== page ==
First up Tradedoubler has put about a report that suggests that customers believe that they prefer to shop – well to actually buy – on desktop. Then a consumer survey by Signal suggests that, while people do love to use mobile in the shopping process, hardly anyone actually uses them to buy anything.

Clearly Brexit Barminess has gone to everyone’s head. To be fair, Tradedoubler’s study does actually go on to say that even though the shoppers it asked don’t think they shop on mobile, they actually do.

In the case of Signal, the multitudes of the great unwashed that it asked actually left the researchers with the impression that despite not many people actually using mobile as the point of purchase, they all think it will be in the future.

Ho hum.

But this really all misses the point of where mobile fits into today’s retailing model. Does it really matter where the sale actually takes place platform wise, so long as there is a sale? As we lurch along towards another recession and such economic uncertainty stalks the land, the sale is what matters: online, on mobile or in store.

And this is what etail today should be about: driving people to buy however and where ever they want to do it. Now is the time to finally stop thinking in terms of channels and start to use all the technology available to create a shopping experience that has one purpose: to guide the shopper to buy.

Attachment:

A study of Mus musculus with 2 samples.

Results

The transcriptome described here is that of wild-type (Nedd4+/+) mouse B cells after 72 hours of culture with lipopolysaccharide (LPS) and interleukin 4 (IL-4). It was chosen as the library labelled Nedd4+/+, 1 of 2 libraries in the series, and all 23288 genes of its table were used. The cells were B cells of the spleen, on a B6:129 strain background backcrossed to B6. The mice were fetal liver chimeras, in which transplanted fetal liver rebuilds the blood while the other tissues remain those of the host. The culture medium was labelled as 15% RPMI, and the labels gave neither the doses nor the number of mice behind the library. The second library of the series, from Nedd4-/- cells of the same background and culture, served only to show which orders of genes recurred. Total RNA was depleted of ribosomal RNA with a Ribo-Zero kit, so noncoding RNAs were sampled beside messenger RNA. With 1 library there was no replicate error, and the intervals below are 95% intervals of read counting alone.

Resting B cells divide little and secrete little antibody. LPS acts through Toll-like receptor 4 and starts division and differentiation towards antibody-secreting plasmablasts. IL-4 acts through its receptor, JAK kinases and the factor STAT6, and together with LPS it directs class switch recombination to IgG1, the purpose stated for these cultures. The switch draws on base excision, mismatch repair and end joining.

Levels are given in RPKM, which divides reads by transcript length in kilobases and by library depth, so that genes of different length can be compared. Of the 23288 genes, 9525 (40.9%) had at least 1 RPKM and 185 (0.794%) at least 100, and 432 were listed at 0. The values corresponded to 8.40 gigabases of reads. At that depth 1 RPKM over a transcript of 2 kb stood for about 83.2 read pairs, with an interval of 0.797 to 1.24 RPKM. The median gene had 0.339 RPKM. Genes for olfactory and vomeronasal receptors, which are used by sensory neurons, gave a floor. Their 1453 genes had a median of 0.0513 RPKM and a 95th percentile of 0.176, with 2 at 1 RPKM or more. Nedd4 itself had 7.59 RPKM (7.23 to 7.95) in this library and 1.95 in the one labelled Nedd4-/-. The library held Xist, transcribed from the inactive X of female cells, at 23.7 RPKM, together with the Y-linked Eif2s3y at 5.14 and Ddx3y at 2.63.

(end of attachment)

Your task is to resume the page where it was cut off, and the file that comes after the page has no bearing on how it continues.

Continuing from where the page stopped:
The full gamut of technologies should be used to make the journey personal and helpful. It should inform and encourage (gently) and get people buying.

Many retailers seem to be getting it too. According to the research by RetailMeNot, operator of, retailers are now very conscious of the fact that increasing their digital investment is the key to meeting customer expectations in the midst of this digital revolution.

It finds that some 73% of retailers are ramping up digital investment in an effort to increase customer satisfaction, boost customer loyalty and drive sales.

Customers want to be treated like this and they want this tech to make life better for them – all three studies in this week’s newsletter agree on that at least. In these testing times this is going to be essential to survival.